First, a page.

David's Bridal and Pinterest Want You To Be Your Own Bride
The popular wedding brand teams with one of the most popular visual platforms to drive organic engagement.
When the vows are read, and the dancing is done, it's probably reasonable to assume most brides would say the wedding was worth the stress. Make no mistake though, planning weddings is indeed stressful. But for users on Pinterest, it's also incredibly fun, at least in the early stages.
Forty-million people turn to Pinterest for wedding planning, according to the platform's own research. These people — pinners as they're called — are saving nearly 1 billion wedding-related pins on the site, and are conducting 378 million wedding-related searches each year. About 27% of wedding planners spend more time each day planning their wedding on Pinterest than non-pinners who are planning a wedding.
And so the use case begins to become clear here: You're a wedding business cognizant of both how stressful wedding planning can be, and how exciting the prospect of planning a wedding is for people in the early stages. You also know that Pinterest is a powerful destination throughout the planning process for tens of millions of people. The partnership practically creates itself, or it does if the “you” in this scenario is David's Bridal.
“We know Pinterest is the first place the bride goes after she gets engaged — before she's engaged actually — to begin curating ideas for her big day. She turns to the platform for ideas on her dress, her venue, and the overall look and feel of her wedding, and this campaign allows us to help provide a personalized point of view for her,” Sam Norpel, VP of commerce at David's Bridal, said in an email interview.
The campaign in question was a quiz for prospective brides that lead to a personalized board on Pinterest. “The goal of the quiz is to help each bride take her first step in the planning process, and encourage her to have a little fun,” Norpel said.
The quiz asks non-standard questions of its participants, like “Who is your favorite celebrity bride,” and “What's the moment you can't wait for.”
In addition to their practical applications for personalization, this line of questioning is visually evocative — a cornerstone of Pinterest.
“One of the most important things we wanted to create was an experience that was aspirational, and something [pinners] can go out and do in the real world,” says Raashi Rosenberger, creative strategy lead for the East Coast at Pinterest Studio.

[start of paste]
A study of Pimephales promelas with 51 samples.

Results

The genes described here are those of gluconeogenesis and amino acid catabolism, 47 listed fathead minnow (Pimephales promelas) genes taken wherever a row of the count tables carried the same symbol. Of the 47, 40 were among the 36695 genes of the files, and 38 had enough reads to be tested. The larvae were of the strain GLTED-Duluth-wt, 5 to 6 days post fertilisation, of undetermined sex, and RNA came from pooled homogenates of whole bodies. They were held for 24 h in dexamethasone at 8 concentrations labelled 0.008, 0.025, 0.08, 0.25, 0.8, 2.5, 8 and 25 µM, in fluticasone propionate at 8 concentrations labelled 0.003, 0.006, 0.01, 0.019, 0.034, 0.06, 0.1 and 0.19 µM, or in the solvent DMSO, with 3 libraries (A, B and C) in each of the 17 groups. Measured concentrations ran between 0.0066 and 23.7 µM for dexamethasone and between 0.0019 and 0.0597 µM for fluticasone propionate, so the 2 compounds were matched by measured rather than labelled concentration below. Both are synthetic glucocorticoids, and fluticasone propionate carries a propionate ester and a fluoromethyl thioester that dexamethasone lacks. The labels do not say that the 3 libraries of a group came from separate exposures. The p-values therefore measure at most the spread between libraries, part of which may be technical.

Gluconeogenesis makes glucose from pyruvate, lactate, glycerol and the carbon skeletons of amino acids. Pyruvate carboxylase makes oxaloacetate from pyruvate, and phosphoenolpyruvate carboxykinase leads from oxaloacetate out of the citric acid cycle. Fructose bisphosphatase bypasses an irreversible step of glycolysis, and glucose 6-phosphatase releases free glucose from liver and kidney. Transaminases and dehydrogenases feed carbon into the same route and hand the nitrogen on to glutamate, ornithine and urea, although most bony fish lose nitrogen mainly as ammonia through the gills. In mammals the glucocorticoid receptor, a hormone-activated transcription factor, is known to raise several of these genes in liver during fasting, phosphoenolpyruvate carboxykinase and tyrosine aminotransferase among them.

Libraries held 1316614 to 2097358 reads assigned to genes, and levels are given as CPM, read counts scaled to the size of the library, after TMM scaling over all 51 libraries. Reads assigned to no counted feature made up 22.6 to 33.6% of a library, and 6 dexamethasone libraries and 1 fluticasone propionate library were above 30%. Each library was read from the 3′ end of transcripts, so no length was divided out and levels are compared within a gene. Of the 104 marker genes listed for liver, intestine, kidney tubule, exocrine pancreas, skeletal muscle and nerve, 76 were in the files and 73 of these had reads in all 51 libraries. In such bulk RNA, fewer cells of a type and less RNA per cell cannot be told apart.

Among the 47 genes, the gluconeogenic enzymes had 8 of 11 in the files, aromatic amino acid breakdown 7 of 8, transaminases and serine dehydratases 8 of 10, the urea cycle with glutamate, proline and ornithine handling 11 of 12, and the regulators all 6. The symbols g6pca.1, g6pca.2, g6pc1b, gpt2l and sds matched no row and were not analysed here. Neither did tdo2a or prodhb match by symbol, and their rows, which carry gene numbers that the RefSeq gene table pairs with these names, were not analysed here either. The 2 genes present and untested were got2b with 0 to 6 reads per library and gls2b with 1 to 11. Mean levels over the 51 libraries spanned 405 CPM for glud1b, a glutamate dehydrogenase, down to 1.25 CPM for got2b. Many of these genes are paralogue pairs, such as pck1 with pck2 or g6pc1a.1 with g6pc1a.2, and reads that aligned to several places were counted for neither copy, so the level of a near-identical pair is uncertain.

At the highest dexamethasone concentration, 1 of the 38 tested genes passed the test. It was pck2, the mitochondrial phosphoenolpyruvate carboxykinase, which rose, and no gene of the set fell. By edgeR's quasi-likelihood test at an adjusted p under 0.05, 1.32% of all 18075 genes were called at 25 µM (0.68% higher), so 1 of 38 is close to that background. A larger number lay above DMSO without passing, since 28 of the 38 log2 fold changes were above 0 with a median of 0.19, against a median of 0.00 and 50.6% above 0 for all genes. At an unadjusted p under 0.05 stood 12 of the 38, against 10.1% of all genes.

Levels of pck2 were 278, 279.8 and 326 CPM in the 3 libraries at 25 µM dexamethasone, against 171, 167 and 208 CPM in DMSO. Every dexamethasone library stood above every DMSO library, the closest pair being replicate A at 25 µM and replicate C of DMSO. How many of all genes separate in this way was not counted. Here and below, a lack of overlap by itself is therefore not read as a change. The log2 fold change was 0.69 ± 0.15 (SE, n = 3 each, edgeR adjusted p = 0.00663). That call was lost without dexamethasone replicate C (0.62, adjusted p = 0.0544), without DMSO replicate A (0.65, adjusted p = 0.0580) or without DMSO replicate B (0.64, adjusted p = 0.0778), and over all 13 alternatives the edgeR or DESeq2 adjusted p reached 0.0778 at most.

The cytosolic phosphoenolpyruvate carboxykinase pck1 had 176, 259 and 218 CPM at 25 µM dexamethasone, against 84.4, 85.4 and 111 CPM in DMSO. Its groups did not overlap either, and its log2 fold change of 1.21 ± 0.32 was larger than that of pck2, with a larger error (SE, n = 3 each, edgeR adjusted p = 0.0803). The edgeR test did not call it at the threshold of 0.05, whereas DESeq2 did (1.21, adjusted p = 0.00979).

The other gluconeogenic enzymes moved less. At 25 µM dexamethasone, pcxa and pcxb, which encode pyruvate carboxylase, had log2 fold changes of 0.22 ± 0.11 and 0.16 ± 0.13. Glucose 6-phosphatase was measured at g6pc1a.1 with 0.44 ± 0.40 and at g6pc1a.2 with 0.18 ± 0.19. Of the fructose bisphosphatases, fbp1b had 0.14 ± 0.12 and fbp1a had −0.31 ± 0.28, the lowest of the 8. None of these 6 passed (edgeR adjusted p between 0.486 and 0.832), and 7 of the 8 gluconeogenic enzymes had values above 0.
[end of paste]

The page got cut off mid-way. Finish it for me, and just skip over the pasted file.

The end result is the fun, fluid test users can still take now. But distilling the campaign's goals — to ease the pain of early wedding planning by personalizing content for a customer, and to illicit an emotional response from that customer — into a single, pithy quiz took a lot of work from both Pinterest and David's Bridal.
For David's Bridal this was a challenge in strategy. Making sure the brand had ample data to inform the selection of questions and creative that would ultimately pull in more data and drive the personalized boards.
“We know our bride spends a lot of time on the [Pinterest]. Leveraging the data we have, both from customer insights we've done as a company and from Pinterest, was a huge part of our consideration in building the quiz, from the types of questions we asked to the kinds of creative we included in the pin outputs,” Norpal said.
Pinterest's role was aligned, but a bit more technical.
“This was a very impressive use of the Pinterest developer API. We saw that the personalization that DB was able to use was a really nice activation of the technical features that we offer,” Rosenberger says. “[Brides] also had a pin where they could actually schedule an appointment to go and get a dress fitting at David's Bridal, so there's a really nice call to action there.”
The ultimate impact of the quiz on David's Bridal's business is yet to be determined, as the campaign is still relatively new. However, it has already proven a powerful driver of organic engagement, and that's exactly what David's Bridal was after.
“[David's Bridal] has seen incredible organic engagement since the campaign kicked off, which is what they were looking for,” Rosenberger says. “Success for us is hearing that our brides are finding the quiz to be useful and fun,” Norpal added.